A Look at the Compulsory License in Investment Arbitration: The Case of Indirect Expropriation
54 Pages Posted: 1 Jul 2009
This article covers a timely set of issues concerning the relationship between intellectual property rights (“IPRs”) associated with foreign investments, state-authorized compulsory licenses, trade law (in particular, the TRIPS Agreement), and claims for indirect expropriation that might be brought in investment arbitration. I focus, as a case study, on compulsory licenses and claims of indirect expropriation. Compulsory licenses bear an inherently contentious character. This government authorized license often presents a clash between significant opposing interests – on one side, the legitimate expectations of patent based foreign investors founded on the international investment agreement (“IIA”) and a patent regime that, for well established reasons, provides relatively strong protection during the patent’s term, and on the other side, the strength of the public interest in exceptional cases, such as a public health crisis. The circumstances that may be commonly associated with the issuance of a compulsory license, in which an investor’s existing IP rights and investment position are severely impacted, provide the seeds for a dispute and strong incentive for the investor to seek recourse through available means of dispute settlement.
In this context, the compulsory license in relation to IP based investments and claims of indirect expropriation illustrates two levels of complexity for international investment law. First, the tension between investor’s rights and government action in the area of compulsory licensing is but a specialized example of a broader recurrent public policy issue in international investment law. The broader question concerns the appropriate balance between the rights and responsibilities of investors and those of governments. The investor is entitled to have its legitimate expectations with regard to the operation and return on its investment respected by the host state. However, the host state must be able to pursue legitimate regulatory goals without risk of 'regulatory chill.' The investment dispute context for a compulsory license brings these countervailing interests to a head, as these issues coalesce around questions of how much leeway governments should have to take actions that may interfere with IPRs and IP-based investments, whether these actions contravene the standards of protection established for foreign investors under national patent laws and IIAs, and whether such measures are otherwise defensible as consistent with non-investment law treaty provisions, such as Article 31 of the TRIPS Agreement.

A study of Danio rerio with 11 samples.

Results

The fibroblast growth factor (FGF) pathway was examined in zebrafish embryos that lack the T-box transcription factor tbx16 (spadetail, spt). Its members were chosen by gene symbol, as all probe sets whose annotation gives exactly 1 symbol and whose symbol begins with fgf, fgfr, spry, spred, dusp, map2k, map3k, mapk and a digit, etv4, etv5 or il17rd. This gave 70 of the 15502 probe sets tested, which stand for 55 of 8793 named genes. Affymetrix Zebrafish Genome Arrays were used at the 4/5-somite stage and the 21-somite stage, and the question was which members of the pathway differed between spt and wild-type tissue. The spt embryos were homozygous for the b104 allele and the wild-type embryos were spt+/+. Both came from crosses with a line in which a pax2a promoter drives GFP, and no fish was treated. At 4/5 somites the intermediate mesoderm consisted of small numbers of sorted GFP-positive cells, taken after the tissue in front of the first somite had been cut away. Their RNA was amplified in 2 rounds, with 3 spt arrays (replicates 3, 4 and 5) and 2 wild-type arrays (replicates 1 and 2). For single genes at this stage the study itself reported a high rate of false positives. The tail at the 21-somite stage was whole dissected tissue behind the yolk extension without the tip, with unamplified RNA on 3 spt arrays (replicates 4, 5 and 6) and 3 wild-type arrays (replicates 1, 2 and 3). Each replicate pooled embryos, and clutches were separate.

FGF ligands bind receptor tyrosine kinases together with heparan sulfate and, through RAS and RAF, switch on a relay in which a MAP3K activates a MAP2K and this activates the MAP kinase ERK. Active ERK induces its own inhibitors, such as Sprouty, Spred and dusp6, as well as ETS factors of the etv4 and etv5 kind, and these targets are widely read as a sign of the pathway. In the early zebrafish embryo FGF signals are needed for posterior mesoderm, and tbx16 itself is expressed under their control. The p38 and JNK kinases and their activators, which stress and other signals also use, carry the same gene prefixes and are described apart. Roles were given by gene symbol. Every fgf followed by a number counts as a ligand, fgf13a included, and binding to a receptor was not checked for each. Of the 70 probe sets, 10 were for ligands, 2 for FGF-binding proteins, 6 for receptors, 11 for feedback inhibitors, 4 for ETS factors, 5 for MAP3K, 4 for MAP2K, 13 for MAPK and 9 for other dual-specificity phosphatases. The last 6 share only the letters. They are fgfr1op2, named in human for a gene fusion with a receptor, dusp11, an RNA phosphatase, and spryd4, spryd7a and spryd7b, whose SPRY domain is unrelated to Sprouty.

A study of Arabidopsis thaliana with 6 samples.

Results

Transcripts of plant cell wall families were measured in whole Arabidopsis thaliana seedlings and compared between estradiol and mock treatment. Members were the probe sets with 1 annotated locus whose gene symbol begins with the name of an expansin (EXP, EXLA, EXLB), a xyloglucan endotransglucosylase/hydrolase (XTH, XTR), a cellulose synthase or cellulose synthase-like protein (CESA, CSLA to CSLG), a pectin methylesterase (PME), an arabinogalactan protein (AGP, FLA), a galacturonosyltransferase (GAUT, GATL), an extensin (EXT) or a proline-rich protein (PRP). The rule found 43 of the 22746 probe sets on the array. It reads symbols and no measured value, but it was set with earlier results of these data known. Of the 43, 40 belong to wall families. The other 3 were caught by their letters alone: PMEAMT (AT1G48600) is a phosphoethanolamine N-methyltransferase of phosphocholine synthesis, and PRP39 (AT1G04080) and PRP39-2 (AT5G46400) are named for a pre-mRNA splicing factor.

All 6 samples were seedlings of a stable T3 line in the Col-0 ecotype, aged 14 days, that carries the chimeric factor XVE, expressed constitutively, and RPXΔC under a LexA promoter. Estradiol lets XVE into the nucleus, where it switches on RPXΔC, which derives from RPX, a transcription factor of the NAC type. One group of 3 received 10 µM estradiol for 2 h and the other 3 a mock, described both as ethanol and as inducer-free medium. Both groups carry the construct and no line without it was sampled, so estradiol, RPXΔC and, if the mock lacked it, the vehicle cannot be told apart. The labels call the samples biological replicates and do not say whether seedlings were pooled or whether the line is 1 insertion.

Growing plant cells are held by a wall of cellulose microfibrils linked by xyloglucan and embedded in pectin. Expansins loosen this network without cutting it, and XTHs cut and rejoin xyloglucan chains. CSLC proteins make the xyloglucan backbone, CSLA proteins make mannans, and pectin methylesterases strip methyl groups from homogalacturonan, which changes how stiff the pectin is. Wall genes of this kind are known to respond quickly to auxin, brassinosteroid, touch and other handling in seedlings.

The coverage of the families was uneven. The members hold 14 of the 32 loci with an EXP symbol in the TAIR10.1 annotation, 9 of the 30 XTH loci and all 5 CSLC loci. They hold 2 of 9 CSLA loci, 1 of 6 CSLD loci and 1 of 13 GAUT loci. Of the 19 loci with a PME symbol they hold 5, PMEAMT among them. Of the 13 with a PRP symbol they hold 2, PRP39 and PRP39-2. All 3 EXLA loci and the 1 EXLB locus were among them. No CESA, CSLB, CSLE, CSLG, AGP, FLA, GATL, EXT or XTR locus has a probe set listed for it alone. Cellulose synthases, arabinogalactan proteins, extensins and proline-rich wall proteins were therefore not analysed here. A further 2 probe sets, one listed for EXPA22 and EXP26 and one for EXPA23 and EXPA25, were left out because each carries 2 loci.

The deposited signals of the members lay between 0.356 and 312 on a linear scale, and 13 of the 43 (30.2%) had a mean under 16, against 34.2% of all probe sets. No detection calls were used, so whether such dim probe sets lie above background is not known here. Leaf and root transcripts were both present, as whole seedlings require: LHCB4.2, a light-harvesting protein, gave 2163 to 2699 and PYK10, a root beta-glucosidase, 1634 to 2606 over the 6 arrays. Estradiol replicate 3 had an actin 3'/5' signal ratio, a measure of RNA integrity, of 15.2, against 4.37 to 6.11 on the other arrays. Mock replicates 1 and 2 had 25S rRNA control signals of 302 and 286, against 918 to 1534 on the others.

The reference to the TRIPS Agreement raises the second point of complexity: the compulsory license provides a case in point to show the interplay between two different treaty-based regimes. A compulsory license-based claim for indirect expropriation against a host state under an IIA may implicate several strands of public law that can be complimentary or competing, integrated or overlapping. International investment law as channeled through the IIA confronts intellectual property law as established through national law or the TRIPS Agreement. The compulsory license brings this confluence of competing legal regimes into stark focus. If a foreign investor believes that a host state has improperly authorized a compulsory license with respect to its patent-based investment, it may face not only a choice of forum in which to vindicate its rights, but also choice of law issues in making out a claim of indirect expropriation. Because investment agreements such as bilateral investment agreements (BIT) stand side-by-side with the WTO multilateral trading system, these respective regimes may afford different levels of protection and different remedies to the foreign investor in a dispute where the investor’s home State and the host State are both members of the WTO, or where the IIA itself makes reference to the TRIPS Agreement.
While there has been ample scholarly examination in the areas of investment arbitration and international trade law and related public health issues, much less has been written about intellectual property issues arising under BITs, and even less so in relation to intellectual property (including compulsory licenses) in the context of investor-State arbitration. For this reason I believe my article offers an interesting case study, and makes an important scholarly contribution that would be of interest both to academics and to the broader international dispute settlement community.